Leon ... $a, $b and the ones in perlvar. ... I wouldn t reccomend this, but it is posble to create a global variable within a block
    Message 1 of 6 , Jan 3, 2002
      "Leon" <eventualdeath@...>

      : ----- Original Message -----
      : From: "Charles K. Clarkson" <cclarkson@...>
      : > $a and $b are special global variables in perl. They
      : > are used in 'sort'. They can also be referred to as
      : > $main::a and $main::b.
      : Previously, somebody pointed to me that perl have special
      : reserved words such as print, chomp, exists and so on....,
      : now I realised that perl have special variables too.
      : To avoid using barewords, warnings have taught me to use
      : UPPERCASE or put quotes.
      : As I do not know which variables are reserved, I just
      : wonder how to avoid using them.

      $a, $b and the ones in perlvar.

      : > : Just a comment :-
      : > : Originally, I always thought that in using strict, it is
      : > : mandatory that I declare all new variables with a 'my'.
      : > : Correct me if I am wrong, however now I dont think so as
      : > : this will prevent us from globalising a variable within
      : > : a block, I have to thank Michael R. Wolf for this.
      : >
      : > You're wrong. Consider yourself corrected. We'll waive
      : > the standing in the corner bit for now.
      : >
      : > It is mandatory. Except for buil-in perl variables,
      : > like $_ and $., and for special perl variables that are not
      : > built-in, like $a and $b.
      : > $a and $b are special in perl under strict. $a and $b
      : > are used to pass values to 'sort'. For instance:
      : Fortunately, I was corrected or my scripts would be in for
      : a big mess.
      : Now I could see clearly that Michael R. Wolf thought I was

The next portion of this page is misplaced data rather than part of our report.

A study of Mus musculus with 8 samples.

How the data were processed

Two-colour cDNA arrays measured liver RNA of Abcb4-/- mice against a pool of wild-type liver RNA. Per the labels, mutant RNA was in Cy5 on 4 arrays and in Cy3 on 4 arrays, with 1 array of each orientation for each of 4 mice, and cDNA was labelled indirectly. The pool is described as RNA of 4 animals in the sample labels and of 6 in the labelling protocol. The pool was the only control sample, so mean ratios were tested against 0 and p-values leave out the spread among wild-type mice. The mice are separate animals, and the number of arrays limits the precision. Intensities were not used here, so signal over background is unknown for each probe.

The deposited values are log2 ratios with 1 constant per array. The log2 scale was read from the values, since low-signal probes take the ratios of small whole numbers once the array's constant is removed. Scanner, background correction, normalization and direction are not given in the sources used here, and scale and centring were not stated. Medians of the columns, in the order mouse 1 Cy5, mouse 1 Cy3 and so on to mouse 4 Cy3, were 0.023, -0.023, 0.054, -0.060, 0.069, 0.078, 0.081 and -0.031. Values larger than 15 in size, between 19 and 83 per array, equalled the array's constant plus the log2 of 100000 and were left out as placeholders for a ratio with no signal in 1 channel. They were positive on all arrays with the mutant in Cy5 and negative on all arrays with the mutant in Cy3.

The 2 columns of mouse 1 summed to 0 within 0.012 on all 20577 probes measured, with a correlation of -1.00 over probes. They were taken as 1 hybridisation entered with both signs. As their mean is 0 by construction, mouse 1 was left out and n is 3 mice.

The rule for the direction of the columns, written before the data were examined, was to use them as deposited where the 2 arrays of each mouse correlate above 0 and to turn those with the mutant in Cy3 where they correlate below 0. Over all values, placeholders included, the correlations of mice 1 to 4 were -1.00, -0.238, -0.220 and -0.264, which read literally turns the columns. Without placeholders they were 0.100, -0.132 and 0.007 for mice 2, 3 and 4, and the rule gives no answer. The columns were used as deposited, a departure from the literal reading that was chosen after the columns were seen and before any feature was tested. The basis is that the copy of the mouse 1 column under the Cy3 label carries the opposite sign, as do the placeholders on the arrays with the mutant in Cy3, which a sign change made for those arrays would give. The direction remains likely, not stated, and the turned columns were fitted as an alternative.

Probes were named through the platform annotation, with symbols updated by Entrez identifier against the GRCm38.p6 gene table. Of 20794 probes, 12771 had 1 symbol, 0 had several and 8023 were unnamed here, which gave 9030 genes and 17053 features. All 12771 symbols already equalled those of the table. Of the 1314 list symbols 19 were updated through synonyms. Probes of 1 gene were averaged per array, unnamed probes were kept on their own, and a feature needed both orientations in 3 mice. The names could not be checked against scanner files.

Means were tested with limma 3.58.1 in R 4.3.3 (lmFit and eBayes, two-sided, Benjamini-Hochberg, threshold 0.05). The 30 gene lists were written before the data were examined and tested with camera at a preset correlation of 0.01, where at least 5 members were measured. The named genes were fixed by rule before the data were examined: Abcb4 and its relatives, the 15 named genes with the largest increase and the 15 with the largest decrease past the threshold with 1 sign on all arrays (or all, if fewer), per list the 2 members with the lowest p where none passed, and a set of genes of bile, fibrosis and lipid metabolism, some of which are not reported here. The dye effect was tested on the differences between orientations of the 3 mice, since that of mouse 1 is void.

: referring to the special variable $a, when I ask how to
      : globalise a variable within a block, and Michael said to
      : remove the my, which I originally put it as
      : while (#.......) {my $a++}
      : I wish to repost my question here again.
      : When a script gets big, it is quite difficult to keep track
      : of variable names, therefore the following question came to
      : my mind.
      : Apart from first declaring the lexical variable in the main
      : script, how do I, OR, can I, globalise a variable within a
      : block such as this :-
      : use strict;
      : # without declaring my $how_to_globalise_this_variable here;
      : # Can I globalise $how_to_globalise_this_variable within the
      : # while loop
      : while ( #stuff here ){
      : $how_to_globalise_this_variable = 'Global';
      : };
      : print $how_to_globalise_this_variable;

      I wouldn't reccomend this, but it is posble to create
      a global variable within a block without having previously
      used it.

      while ( #stuff here ){
      $::globalised_variable = 'Global';
      print $::globalised_variable;

      By uing $:: (which is the same as $main::) you
      are adding the veriable directly to the symbol table.
      You'll have to use the $:: or $main:: prefix for the
      whole script, but strict won't raise an error.

      It would be better to make the block return

      my $file_scoped_variable = do {
      while ( #stuff here ){
      my $block_scoped_variable = 'Global';
      $block_scoped_variable; };

      Charles K. Clarkson
      Clarkson Energy Homes, Inc.
      254 968-8328

      How do they get the deer to cross at that yellow road sign?